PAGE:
Translation: Banding is the perfect storm of storm conditions. It's been a major factor in our unusually snowy month - and the reason behind those seemingly elastic forecasts that suggest everything from inconvenience to immobility.
Bands set up where temperatures in the clouds are just right - about 5 degrees Fahrenheit - and strong winds are blowing upward. Upward motion is critical, because snow falls when vapor-filled warmer air is forced to rise above cooler air and then condenses.
Those conditions are perfect for producing those fluffy dendrites, which pile up better than their crystalline relatives, in part because they contain more air, said Kenneth Libbrecht, a flake expert at the California Institute of Technology.
"All of a sudden, the whole band enhanced from northern Delaware to Long Island," said Robert Oravec, a National Weather Service lead forecaster in College Park, Md.
While bands are common in snowstorms and summer thunderstorms, for reasons that meteorologists can't explain they have particularly enjoyed spending time above the Philadelphia area recently.
One of them generated the near-whiteout conditions during the nationally televised Eagles game on Dec. 8. Banding also bumped up totals in the Jan. 2-3 storm.
Tuesday's version had a particular ferocity.
The upward motion of the air was so strong and focused that for a while, it hurt snowfall rates to the east and west, said Brian Wimmer, a meteorologist with AccuWeather Inc. Only so much air can go up at any one time.
("If the air was rising everywhere, you couldn't breathe," said AccuWeather meteorologist Dave Dombek.)
Accumulating snow didn't make it to the Shore until after dark. Meanwhile, around Philadelphia, the heavy snows were creating near-paralysis.
Banding is one of the puzzles that bedevil accumulation forecasts. Computer models can hint at the most favorable conditions over a particular area, including strong temperature contrasts, but they don't have handles on the timing or precise locations, said Tony Gigi, a weather service lead forecaster at Mount Holly.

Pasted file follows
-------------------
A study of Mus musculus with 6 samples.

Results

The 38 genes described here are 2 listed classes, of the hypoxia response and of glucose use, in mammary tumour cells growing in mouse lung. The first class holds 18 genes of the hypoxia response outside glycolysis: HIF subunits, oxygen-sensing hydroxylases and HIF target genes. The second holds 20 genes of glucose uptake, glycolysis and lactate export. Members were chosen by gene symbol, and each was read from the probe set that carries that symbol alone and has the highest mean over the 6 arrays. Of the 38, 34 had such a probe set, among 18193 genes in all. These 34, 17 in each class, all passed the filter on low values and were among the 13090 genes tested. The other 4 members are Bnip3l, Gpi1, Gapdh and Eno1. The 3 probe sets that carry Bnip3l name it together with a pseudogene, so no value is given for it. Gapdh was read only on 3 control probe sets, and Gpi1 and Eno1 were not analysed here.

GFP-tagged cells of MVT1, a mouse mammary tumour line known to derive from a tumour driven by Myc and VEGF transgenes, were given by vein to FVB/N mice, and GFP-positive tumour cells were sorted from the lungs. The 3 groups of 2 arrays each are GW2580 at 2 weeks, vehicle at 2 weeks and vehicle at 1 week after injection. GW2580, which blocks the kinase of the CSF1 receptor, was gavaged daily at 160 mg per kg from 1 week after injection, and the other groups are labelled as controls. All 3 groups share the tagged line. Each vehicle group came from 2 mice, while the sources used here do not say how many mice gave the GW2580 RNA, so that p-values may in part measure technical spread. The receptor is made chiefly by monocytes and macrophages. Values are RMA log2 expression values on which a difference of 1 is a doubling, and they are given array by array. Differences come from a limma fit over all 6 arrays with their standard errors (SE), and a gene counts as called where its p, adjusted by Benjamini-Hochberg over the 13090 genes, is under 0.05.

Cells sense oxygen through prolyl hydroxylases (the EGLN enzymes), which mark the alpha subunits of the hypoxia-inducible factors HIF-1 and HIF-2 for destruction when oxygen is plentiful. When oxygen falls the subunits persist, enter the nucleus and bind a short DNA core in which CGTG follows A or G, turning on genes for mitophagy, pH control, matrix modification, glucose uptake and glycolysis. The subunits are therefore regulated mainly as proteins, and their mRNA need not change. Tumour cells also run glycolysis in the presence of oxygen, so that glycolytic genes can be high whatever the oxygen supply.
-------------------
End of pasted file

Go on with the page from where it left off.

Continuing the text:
Although the forecast details were wanting, the potential for banding around Philadelphia was one reason the weather service accumulation projections jumped from very little Sunday to 10 to 14 inches at the last minute Tuesday morning.
The phenomenon helps explain why forecast wordings usually include several inches of wiggle room, as in four to eight inches with locally heavier amounts possible.
Another complication is trying to infer how much snow will pop out of a given amount of precipitation. Models can estimate precipitation in a storm, but guessing how much snow the liquid will generate is another matter. The longtime standard that an inch of rain equated to 10 inches of snow - a 1-10 ratio - turned out to be inaccurate.
Lower temperatures tend to produce higher snow ratios, but that's not always true. Not all flakes are dendrites, however, and some don't accumulate well. It so happened that ratios Tuesday were unusually high in much of the region, and were about 18-1 in Philadelphia, Gigi said.
The net result for Philadelphia was a run at weather history. The 13.5 inches lifted the seasonal total to 33.5, and made this month the fifth-snowiest January.
Already, this has become one of the 25 snowiest winters on record - and February on average is Philadelphia's snowiest month.
Tuesday's became the season's third six-inch-plus snowfall, the earliest that has occurred in a winter in the period of record, dating to 1884. The former standard was held by the winter of 1960-61, which did it by Feb. 3.
Had enough? Sorry.
Forecasts call for the wintry pattern to persist for perhaps three more weeks. Touches of snow are possible Thursday and Saturday, with a storm threat Sunday night into Monday.
That threat might turn out to be nothing more than a gleam in the eye of a computer model, but before season's end, the winter of 2013-14 seems sure to notch another precedent.
Philadelphia has never had four snows of six inches or more in one season, Gigi said. This could well be the first one.